I never gave much thought to them, but it seems to me that the terms 'presider' and 'celebrant' are becoming more and more loaded. Both presumably aim to describe the same thing on the face of it, namely the role of the priest (whether he be bishop or presbyter) in the ordered assembly at the celebration of the liturgy.
Those who insist on the term 'presider' believe that 'celebrant' diminishes the role of the laity in the liturgy, even though these same sort of folks often have an activist and shallow view of conscious and active participation focused on exterior action. On the other hand, those who insist on the term 'celebrant' to the exclusion of 'presider' seem to ignore that this is an active term in the Constitution on the Sacred Liturgy (in the forms of the verb praesum), and sometimes seem to edge toward forgetting that there is only one priesthood--that of of Jesus Christ--in which the Church and her members share in different ways.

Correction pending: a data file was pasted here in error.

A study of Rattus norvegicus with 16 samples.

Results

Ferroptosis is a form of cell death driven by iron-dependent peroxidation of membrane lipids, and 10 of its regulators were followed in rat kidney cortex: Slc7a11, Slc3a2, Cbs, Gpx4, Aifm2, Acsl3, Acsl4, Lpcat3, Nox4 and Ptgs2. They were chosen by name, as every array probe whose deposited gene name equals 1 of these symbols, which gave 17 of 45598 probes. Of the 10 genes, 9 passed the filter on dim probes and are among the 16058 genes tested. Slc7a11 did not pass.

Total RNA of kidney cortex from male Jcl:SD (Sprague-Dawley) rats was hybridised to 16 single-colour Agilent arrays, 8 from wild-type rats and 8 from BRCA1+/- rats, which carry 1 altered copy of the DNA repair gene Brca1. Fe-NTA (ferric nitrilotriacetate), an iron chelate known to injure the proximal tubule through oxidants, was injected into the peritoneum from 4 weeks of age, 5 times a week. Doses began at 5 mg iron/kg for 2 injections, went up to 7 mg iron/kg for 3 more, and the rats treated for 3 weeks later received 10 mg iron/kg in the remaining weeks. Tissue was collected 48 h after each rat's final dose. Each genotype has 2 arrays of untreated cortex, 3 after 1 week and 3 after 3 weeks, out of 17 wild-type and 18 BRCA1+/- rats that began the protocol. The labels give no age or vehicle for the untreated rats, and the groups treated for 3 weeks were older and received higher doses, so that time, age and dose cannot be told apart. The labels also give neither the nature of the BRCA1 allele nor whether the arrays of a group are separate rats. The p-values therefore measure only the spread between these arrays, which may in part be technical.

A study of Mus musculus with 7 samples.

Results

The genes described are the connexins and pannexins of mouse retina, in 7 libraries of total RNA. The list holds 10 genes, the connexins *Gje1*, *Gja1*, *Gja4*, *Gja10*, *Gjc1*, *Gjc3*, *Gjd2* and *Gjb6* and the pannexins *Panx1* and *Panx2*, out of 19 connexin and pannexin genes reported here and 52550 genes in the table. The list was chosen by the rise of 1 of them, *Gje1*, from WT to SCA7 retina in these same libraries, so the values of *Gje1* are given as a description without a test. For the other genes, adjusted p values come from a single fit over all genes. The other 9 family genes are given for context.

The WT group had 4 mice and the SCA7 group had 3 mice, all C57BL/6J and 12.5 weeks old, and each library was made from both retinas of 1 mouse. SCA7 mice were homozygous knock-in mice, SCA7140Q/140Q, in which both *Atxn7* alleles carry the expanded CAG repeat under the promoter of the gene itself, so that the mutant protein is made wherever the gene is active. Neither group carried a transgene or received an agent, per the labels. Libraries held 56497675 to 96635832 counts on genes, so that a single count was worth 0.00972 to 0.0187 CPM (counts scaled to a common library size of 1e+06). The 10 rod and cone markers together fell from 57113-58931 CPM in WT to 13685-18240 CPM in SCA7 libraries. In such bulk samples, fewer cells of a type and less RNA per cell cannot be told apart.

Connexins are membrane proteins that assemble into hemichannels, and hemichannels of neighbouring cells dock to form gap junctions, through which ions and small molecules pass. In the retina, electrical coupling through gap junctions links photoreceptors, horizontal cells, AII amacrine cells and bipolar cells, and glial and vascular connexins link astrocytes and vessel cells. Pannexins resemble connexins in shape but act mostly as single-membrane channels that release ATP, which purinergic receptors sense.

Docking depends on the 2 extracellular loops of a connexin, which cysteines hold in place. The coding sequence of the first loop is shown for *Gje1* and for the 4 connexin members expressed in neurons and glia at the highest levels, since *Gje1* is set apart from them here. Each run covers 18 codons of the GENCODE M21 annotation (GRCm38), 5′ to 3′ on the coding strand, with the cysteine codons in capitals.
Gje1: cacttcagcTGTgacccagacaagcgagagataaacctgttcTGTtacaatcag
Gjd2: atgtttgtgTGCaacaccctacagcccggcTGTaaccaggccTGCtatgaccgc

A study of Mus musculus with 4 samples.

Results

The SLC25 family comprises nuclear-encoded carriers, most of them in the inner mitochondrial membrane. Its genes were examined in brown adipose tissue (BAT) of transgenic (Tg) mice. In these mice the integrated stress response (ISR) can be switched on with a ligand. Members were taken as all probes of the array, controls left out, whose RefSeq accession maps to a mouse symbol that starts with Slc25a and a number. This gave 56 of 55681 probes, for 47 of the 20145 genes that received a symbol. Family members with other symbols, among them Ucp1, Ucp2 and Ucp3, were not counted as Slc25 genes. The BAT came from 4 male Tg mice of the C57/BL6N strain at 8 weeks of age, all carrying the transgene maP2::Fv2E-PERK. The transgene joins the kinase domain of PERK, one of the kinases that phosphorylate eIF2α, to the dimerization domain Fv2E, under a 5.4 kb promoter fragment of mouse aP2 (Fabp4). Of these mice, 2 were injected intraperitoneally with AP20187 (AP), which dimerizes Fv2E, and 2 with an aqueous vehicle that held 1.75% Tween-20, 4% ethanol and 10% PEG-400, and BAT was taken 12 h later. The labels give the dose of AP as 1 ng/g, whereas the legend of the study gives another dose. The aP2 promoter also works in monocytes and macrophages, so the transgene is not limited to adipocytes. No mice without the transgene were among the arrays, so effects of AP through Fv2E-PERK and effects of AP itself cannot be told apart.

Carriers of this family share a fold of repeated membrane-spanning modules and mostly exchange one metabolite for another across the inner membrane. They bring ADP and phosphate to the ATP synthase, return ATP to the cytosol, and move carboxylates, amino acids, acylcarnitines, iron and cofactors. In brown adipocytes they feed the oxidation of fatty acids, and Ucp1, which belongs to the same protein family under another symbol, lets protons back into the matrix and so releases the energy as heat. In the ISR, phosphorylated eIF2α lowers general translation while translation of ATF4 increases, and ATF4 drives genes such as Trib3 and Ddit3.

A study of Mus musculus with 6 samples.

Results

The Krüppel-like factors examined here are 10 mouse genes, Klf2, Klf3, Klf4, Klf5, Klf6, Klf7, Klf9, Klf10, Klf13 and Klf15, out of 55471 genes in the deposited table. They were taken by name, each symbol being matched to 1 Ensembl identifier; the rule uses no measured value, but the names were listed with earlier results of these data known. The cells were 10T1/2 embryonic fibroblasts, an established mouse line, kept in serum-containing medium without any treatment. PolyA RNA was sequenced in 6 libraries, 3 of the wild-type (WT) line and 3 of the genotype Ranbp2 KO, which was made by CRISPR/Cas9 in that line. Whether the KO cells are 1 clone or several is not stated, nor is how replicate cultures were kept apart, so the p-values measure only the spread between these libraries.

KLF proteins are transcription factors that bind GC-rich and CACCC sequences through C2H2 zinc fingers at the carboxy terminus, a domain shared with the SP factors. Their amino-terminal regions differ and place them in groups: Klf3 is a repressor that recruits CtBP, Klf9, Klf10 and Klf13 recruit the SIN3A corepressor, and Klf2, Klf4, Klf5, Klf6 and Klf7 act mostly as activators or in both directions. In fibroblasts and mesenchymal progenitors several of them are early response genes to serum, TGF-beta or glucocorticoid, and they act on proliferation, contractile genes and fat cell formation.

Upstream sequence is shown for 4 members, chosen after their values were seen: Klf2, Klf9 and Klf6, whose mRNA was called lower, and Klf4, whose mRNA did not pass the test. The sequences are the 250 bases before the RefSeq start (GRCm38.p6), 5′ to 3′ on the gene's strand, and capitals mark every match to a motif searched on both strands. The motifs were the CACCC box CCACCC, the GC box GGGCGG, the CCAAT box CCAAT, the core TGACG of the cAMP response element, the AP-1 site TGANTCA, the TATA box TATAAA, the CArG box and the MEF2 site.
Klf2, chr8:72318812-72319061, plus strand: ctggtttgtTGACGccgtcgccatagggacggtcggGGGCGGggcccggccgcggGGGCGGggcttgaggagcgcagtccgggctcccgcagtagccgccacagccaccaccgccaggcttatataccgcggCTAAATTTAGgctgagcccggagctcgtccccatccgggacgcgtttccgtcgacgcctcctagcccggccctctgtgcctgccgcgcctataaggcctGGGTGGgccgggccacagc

Again, I never gave much thought to this distinction until recently, but it seems like it gets pushed more and more. Instead of accepting the 'both/and' kind of thing it surely is, the use of these terms seems to be one of the many ways we push each other into polarizations. For example, I have been in places in which the very use of the term 'celebrant' would earn you an unpleasant label. On the other hand, I have received memos sent in anticipation of particular liturgical presidencies instructing me that the term 'presider' is to be studiously avoided.
Anyway, what I mean to say is that I would love to be able to read something about the history and use of these terms in the tradition. I don't feel like I know much in this area, apart from Justin Martyr referring to the "president" of the assembly. Does anybody know of anything I might be able to read?